Adam Witty is an Entrepreneurs' Organization (EO) member in Charleston, South Carolina, and founder and CEO of Advantage | ForbesBooks, the authority marketing specialists in working with business professionals to elevate brands and grow businesses through publishing. Adam has built the company into one of the largest business book publishers in America, serving over 1,000 members in 40 US states and 13 countries. We asked Adam to share some of his favorite family business titles: 

Having my Dad by my side during the growth of my company, sharing his invaluable knowledge borne of building and nurturing his own successful company was not only a personal privilege but also a huge business asset.

I needed advice 24/7. He was there. I needed straight talk. He didn't mince words. I needed to be told when I was headed down the wrong path. He was not shy in sharing his opinions.

I'm not advocating starting a new business with family members. The pros and cons of this are well-documented, from the advantages of shared vision and company loyalty, to the disadvantages of festering familial conflict and lack of work-life balance.

What I do know is that taking the entrepreneurial plunge with a family member can lead to a special kind of success.

Here are five excellent business books co-written by family members who have taken that journey together.

1. Double Your Success: Principles to Build a Multimillion-Dollar Business  by Stephen Levi Carter and Dr. Sterling Carter

The Carters, twin entrepreneurs and co-founders of Sterling Staffing Solutions, share their journey from children of sharecroppers to owners of a hugely successful healthcare staffing business. The book is divided into four main sections: planning, implementation, a leader's mindset and potential pitfalls. The twins' humble background along with their military careers taught them about discipline and the need for a robust support system, traits that carry over into their business advice. Helpful tips and mnemonic devices (such as their CARES model: Compassion, Attitude, Respect, Excellence and Servant leadership) make it particularly user-friendly.

This husband-and-wife team are leaders in the field of mediation and conflict resolution. While it has the feel of self-improvement, the book is effective as a guide to improving business communication. It carries a message about the good that can come when, instead of focusing solely on winning a discussion or negotiation, we take the spotlight off the specific transaction and put it on the relationship, creating a win-win for all parties. Being relational involves focusing on seven attributes during any interaction: Being engaged, centered, grounded, clear, generous, humble and kind. The book contains elements of psychology, philosophy and spirituality, but is written in everyday language with a conversational style.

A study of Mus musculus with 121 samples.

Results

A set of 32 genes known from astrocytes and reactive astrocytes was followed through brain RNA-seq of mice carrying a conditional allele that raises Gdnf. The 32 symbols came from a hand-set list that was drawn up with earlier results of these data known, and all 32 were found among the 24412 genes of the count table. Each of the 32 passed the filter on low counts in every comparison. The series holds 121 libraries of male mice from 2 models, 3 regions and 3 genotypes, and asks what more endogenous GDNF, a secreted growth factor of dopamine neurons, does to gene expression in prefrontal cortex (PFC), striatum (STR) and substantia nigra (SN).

3.? Made to Stick: Why Some Ideas Survive and Others Die  by Chip Heath and Dan Heath 

The Brothers Heath have written a number of business books together. This is my favorite for students of marketing. The first step in any outreach, from an ad campaign to a sales presentation, is to create bold ideas that "stick"--ideas that "are understood and remembered and have a lasting impact--ones that change your audience's opinions or behavior." The authors identify the essential elements of a sticky idea: simplicity, unexpectedness, concreteness, credibility, emotions and stories. The premise: It's not the best idea that wins; it's the one that's best communicated. The Heaths use plenty of real-world examples of sticky ideas that have worked spectacularly or failed miserably. A little wordy, but that's a minor quibble. Best for anyone who needs to communicate their ideas more effectively and memorably.

4.? From Problem Solving To Solution Design: Turning Ideas Into Actions  by J. Eduardo Campos and Erica W. Campos

This married couple are the founders of Embedded-Knowledge, Inc., a consulting firm helping business leaders design solutions to complex problems within their companies. They have worked in multicultural environments across four continents, dealing with intricate partnerships involving multinational stakeholders. In other words, they know how to problem-solve. It is this expertise they share here. The book is organized progressively in chapters that take the reader through the practical stages of identifying problems and designing solutions, employing real-life case studies and providing analytical tools that can be applied in virtually any context. Through their "IDEAS (Identify, Design, Engage, Act, Sustain) Framework" they have simplified what could be complicated, giving the reader a recipe for success.

5. Life is Good: The Book  by Bert Jacobs and John Jacobs 

Life is indeed good for these brothers whose apparel company, Life is Good, is worth more than $100 million. Their book, like their business, is based on an attitude of optimism. Bert and John share the ride from their lower-middle-class upbringing to the runaway success of their business. They illuminate ten key "superpowers" as key to a sunny perspective and a terrific business plan: openness, courage, simplicity, humor, gratitude, fun, compassion, creativity, authenticity and love. Their story, illustrated with the company's iconic artwork, shows how to overcome obstacles, whether it's growing stronger from rejection, letting your imagination loose, or simplifying your life to focus on what matters most. It's a sweet, easy book full of good feelings.